Like It Is

Measurable goals (1)

/ 05:20 AM August 17, 2017

The government, in conjunction with the Philippine Chamber of Commerce and Industry, again held a forum dubbed “Sulong Pilipinas” so President Duterte’s economic team can get the business community’s inputs on the top 10 priorities to address in 2018.

The format used was the same as the one employed last year in Davao City just before Mr. Duterte assumed the presidency. It’s a very successful methodology. From last year’s forum came the 10 points that have proved their validity and relevance over the past 12 months, and will continue to serve as the backbone of the administration’s socioeconomic programs.


This time the forum took only one day as against the two days in Davao, and was, I think, a little too rushed because of it. In the future, if it’s to be only one day, the content should be strictly economics/business. The social welfare aspect, which was discussed in the afternoon, could be set elsewhere—and with a different crowd mix, as it, too, is important.

A number of Cabinet secretaries were present, pretty much the whole economic team, and the President arrived at the end of the day to hear the results and give his response.


Ten points in business’ “wish list” were agreed on, and the President assured everyone that these would get action priority. Let’s hope so. We had kind of lost hope of getting anything we wanted done in the previous administration.

Mr. Duterte came to power promising rapid action. I suspect he wasn’t fully aware of how lethargic and absurdly complex the bureaucracy can be, and is. And that, indeed, was one of the 10 recommendations: “Improve the ease of doing business through the convergence of different agencies.” That’s good, but in itself not enough as it’s only one aspect of the bureaucracy. A shakeup of far wider proportions is needed. It requires a new mindset, a new attitude of public servants, and not only the improvement, simplification and convergence of systems. No system can work without the people’s active support.

The issue I liked best was “completion of the Circumferential Road 6.” Not because it’s the most important (it’s well down the list), but because it’s detail-specific, and can be seen to be done or not in July 2018, when we next meet to assess and discuss. C6 will connect the Skyway through the FTI in Taguig City to the Batasan Complex in Quezon City—or it won’t.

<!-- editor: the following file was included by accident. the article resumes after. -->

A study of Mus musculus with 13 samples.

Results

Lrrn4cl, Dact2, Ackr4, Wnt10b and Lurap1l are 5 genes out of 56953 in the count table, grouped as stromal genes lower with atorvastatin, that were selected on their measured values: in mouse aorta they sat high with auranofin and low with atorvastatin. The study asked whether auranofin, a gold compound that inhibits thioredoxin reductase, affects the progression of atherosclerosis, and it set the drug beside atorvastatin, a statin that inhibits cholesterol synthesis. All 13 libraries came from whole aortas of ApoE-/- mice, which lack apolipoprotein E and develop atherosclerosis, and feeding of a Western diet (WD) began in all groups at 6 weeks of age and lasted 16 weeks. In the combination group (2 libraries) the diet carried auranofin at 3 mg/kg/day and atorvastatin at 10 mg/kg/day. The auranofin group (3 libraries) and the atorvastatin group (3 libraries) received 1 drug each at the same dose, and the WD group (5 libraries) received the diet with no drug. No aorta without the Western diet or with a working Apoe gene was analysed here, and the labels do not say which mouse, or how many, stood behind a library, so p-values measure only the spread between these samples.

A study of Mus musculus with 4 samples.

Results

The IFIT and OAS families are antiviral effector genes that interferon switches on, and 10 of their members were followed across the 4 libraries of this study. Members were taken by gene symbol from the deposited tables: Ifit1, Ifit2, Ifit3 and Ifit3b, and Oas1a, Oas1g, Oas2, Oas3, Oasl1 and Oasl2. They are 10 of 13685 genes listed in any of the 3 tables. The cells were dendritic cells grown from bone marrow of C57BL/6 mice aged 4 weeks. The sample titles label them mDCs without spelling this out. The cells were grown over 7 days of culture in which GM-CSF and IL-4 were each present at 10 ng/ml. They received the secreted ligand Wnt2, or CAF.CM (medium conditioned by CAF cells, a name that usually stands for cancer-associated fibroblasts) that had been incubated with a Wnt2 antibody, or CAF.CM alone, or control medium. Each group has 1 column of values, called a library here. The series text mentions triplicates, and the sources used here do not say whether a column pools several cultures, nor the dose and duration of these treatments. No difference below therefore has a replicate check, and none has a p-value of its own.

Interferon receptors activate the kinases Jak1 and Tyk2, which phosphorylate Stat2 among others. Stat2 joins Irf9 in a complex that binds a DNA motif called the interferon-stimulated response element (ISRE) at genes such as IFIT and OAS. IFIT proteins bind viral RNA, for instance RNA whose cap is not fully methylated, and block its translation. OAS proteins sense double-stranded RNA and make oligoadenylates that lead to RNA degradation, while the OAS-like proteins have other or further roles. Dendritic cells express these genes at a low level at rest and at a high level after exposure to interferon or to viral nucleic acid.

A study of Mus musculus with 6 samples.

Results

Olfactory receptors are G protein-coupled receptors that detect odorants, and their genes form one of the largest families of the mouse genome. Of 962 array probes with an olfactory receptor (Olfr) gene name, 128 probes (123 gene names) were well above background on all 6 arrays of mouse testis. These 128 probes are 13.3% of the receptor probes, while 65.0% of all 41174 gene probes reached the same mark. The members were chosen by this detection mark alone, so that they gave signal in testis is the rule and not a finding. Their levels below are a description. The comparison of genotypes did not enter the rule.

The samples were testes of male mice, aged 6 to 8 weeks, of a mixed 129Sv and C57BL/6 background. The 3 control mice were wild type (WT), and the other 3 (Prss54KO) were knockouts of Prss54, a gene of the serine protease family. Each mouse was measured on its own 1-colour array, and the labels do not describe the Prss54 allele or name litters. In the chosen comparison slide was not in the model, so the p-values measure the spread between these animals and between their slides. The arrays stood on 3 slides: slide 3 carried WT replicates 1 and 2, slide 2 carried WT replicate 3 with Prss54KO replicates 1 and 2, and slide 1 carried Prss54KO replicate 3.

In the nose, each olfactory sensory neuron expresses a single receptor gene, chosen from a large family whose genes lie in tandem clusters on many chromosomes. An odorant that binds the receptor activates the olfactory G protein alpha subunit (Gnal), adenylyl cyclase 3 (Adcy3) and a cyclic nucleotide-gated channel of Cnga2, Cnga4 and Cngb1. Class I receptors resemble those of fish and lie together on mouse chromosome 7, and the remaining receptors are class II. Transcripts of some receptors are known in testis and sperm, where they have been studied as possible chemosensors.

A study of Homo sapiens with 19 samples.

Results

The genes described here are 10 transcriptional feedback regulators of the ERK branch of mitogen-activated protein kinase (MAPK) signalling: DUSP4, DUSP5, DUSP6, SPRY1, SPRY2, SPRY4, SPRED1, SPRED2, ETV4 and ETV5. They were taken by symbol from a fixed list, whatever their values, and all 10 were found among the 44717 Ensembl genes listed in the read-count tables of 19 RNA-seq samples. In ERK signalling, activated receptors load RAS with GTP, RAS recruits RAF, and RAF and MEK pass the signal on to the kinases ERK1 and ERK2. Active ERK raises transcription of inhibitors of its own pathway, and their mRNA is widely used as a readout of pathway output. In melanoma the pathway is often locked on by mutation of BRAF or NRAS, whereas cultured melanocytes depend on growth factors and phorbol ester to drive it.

Something like “improving health services by expanding PhilHealth coverage” is certainly high on the priority list as it can help ever so many Filipinos. But what are the benchmarks? What will say it was achieved, or wasn’t? It’s a nice motherhood statement that doesn’t “demand” that action happen. I’d like to see a government task force work with business compatriots, a technical working group (TWG), over the next four weeks (max) to come up with specific measurable goals to achieve. For example, 200 outpatient health clinics will be opened by June 30, 2018. And so on.

I’d like to see TWGs organized for all 10 issues, to set up similar detailed plans. We need to rush things a lot more than we have in the past, and do so in a more time-bound way.

How do you measure “rallying the government and the private sector to drive growth and competitiveness”? That’s awfully general, awfully motherhood, too. Who wouldn’t want to do that? But what does it involve? What outcome could be expected? I’ve no idea; I don’t want to be in that task force. But I do want to see one created. They may need more than four weeks—perhaps eight?

I like “identifying the best competitive advantage versus other countries in the Association of Southeast Asian Nations.” I’ve always been a firm believer in niche marketing: focusing on one thing where you have competitive skills, and doing it exceedingly well. That’s the principle upon which I formed my business 34 years ago. I’ve been a CEO; I knew what they needed, and in what form they needed it. I focused on providing it. I think 34 years of a successful business has proved that the concept works.


The world’s top athletes are where they are because they have an inherent advantage — a superior physical skill that we mere mortals don’t have — and honed it.

[email protected] Read my previous columns: www.wallacebusinessforum.com.